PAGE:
REVIEW: David Walliams' Awful Auntie at the Cambridge Arts Theatre is perfect half-term entertainment

PUBLISHED: 09:44 26 October 2017

The cast of Awful Auntie

The cast of Awful Auntie

Archant

Having loved Gangsta Granny on the same stage earlier this year, returning to the Cambridge Arts Theatre to see another of David Walliams' best-selling children's books brought to life was a no-brainer.

The cast of Awful AuntieThe cast of Awful Auntie

His latest tells the story of 12-year-old Stella Saxby (a convincingly desperate performance from Georgina Leonidas) who is kept locked away in the cellar of her family’s haunted mansion by her conniving, monstrous Aunt Alberta - a snooty country-living villain with a penchant for owls, opera and torture, played brilliantly by Timothy Speyer.

With an ominous owl named Wagner as Alberta’s at-first-evil companion, floorboards that creak in the night and an endless succession of locked doors, a helpless Stella plots her escape - having been told her parents were tragically killed in a car accident.

The cast of Awful AuntieThe cast of Awful Auntie

But “favourite” Auntie Alberta’s story soon unravels when Stella meets a friendly ghost named Soot with a story of his own and the pair turn detective to uncover the awful truth...

Despite minimal set design - instead revolving to reflect different locations in the mansion - and a cast of just six, the Birmingham Stage Company’s production remains interesting and compelling, with a clear attention to detail; the use of puppets to tell parts of the story is unique and expertly done, as directed by Roman Stefanski; equally impressive are Jacqueline Trousdale’s costume designs - especially the tweed shooting jacket worn by Alberta.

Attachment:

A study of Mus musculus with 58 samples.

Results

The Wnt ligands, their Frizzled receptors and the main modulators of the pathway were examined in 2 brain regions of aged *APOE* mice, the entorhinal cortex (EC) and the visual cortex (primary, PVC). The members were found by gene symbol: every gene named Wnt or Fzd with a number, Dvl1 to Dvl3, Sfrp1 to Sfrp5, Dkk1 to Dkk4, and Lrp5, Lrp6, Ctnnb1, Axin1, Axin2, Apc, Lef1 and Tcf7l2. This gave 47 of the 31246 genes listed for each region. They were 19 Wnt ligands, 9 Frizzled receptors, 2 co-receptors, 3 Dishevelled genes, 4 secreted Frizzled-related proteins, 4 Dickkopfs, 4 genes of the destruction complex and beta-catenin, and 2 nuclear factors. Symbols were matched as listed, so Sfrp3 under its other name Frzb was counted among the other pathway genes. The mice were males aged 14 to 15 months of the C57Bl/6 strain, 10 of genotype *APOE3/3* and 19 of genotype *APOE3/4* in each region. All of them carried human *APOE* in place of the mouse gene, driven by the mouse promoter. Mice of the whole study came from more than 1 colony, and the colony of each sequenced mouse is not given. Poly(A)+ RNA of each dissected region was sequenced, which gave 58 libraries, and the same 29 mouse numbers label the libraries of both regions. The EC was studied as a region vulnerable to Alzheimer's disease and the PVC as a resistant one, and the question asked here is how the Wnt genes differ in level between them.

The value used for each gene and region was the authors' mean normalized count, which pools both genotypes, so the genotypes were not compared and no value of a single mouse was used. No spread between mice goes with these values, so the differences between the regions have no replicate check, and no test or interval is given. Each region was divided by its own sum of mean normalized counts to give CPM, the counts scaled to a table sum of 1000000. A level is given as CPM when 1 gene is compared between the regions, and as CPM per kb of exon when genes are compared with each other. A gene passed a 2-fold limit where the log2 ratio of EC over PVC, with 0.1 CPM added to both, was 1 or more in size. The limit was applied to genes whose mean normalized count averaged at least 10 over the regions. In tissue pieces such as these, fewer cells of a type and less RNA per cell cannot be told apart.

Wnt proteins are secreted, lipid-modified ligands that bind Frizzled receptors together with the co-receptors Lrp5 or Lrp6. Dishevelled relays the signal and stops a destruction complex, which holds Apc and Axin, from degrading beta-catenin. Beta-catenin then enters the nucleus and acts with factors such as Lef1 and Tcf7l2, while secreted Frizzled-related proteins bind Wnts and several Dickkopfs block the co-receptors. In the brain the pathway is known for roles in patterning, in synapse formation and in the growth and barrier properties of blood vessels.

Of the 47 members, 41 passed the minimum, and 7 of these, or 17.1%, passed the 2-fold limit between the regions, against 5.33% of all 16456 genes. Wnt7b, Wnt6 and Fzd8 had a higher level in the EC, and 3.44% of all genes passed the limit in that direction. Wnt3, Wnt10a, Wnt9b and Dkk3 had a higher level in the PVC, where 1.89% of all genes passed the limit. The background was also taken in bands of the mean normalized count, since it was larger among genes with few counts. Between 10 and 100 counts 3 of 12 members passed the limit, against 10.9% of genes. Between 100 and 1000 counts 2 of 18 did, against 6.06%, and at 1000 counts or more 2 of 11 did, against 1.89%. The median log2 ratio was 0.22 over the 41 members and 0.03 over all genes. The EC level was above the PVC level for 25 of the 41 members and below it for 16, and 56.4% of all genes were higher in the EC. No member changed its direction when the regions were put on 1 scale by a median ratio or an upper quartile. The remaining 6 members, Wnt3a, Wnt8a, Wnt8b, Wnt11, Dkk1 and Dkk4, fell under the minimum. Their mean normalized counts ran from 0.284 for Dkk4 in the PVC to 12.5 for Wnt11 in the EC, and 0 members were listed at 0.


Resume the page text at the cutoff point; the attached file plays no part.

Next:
The cast of Awful AuntieThe cast of Awful Auntie

The unintentional star of the show, though, is Auntie Alberta’s faithful yet bumbling butler/servant Gibbon (Richard James as a brilliantly endearing mad scientist), whose consistently witty one liners command the most laughs throughout. A sure favourite with the youngsters in the audience.

One particular scene in the second act involving marbles, shoe polish and ants in Auntie Alberta’s pants had us in stitches, as the evil tyrant begins to get what was coming to her.

But, like the majority of plays aimed at children, there are also plenty of hidden messages to keep parents engaged too...

Onstage every half-term afternoon and evening until Sunday, Awful Auntie offers plenty of laughs and memorable characters. Don’t miss it!

Visit www.cambridgeartstheatre.com/whats-on/awful-auntie for show times and tickets.